Upcloud claims world's fastest cloud hosting storage

    With Slush as the excuse to make some noise, Helsinki-based Upcloud shares they’ve launched the world’s fastest cloud hosting storage backend at just 20 cents a gigabyte. Looking over the graphs and information sent over by the company you can see that comparing services does get complicated, but as a comparison, similar performance on Amazon Web Services if it were technically possible would cost 87 times more.

    Thankfully these benchmarks have been recognized by third parties with 451 Research putting Upcloud as the most competitive in terms of pricing, hitting prices 60% below the index price. Additionally comparison site Serverbear clocks Upcloud as having the fastest storage backend of all the cloud hosting companies they compared.

    Upcloud’s special sauce is their proprietary technology powering their cloud services, like the recently released MaxIOPS storage backend that should offer read performance up to 19 times better than the best of AWS.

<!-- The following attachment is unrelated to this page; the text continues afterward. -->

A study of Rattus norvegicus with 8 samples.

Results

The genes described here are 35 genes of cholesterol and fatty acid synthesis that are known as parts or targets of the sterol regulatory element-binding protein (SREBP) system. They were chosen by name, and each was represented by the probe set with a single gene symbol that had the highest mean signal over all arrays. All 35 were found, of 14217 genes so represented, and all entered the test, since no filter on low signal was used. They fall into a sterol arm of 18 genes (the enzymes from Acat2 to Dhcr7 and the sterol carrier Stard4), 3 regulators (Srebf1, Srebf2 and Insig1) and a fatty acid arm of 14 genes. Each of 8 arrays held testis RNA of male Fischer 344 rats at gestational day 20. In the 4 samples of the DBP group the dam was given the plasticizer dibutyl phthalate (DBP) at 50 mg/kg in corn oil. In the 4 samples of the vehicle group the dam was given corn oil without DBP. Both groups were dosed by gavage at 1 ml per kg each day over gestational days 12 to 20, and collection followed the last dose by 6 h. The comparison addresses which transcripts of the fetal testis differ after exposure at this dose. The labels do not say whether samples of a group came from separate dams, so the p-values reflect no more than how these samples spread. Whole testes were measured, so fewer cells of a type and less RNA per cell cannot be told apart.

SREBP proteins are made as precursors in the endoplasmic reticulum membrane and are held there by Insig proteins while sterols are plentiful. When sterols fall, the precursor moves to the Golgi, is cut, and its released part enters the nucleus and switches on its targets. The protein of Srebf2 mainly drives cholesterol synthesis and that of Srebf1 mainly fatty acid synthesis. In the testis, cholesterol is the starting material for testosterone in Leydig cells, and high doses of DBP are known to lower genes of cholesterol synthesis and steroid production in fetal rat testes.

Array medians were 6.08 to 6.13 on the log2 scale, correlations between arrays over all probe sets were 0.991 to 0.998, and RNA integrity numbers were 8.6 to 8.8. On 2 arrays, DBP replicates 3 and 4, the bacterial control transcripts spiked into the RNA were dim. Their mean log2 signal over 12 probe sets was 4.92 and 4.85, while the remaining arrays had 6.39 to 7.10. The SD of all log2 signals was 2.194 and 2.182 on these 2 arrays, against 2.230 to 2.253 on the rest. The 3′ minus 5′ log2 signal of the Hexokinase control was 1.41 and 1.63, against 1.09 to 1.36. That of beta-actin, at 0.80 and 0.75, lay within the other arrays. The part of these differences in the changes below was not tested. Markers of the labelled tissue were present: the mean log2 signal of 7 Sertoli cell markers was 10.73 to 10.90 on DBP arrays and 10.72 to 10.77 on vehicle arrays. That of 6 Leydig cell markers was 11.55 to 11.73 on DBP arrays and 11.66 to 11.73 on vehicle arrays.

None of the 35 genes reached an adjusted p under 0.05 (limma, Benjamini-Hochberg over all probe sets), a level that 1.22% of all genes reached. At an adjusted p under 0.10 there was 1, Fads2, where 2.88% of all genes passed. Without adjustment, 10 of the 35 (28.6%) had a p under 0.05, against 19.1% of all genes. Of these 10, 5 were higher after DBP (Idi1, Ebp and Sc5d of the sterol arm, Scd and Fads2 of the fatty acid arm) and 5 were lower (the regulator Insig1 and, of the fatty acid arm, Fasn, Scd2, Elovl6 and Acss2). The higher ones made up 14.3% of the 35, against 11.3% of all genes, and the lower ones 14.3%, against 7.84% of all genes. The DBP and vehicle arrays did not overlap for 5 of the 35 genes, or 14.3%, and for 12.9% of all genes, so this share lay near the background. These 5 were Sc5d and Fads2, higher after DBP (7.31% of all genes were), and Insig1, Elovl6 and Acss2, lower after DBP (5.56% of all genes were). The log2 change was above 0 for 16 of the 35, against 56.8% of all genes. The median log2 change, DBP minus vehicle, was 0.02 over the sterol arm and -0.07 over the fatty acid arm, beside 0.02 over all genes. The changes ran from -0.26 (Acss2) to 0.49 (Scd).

“However, we wanted to go beyond the obvious and with MaxIOPS technology we’re able to deliver up to 400 000 IOPS to a single virtual machine – that’s comparable to the performance of 8 enterprise-grade SSDs”, explains Joel Pihlajamaa, UpCloud’s Founder and CTO.

    These are some tall orders coming from a fairly small team, but Upcloud CEO Antti Vilpponen (Editor’s note: Former CEO of ArcticStartup) tells us they’re able to do so by focusing on a niche.

    “The catch is that we’re not offering as wide a service offering as AWS. We’re focusing on pure servers and the technology there. We don’t want to build technological lockups with managed services, such as the Amazon RDS, etc. So some might see this as a short coming, but we’re focused on providing the best pure bred infrastructure service only.”

    The company has also just opened up their Chicago datacenter in addition to their Helsinki and London-based locations. UpCloud tells us they are cash-flow positive and will be opening up a new service area in South East Asia next year.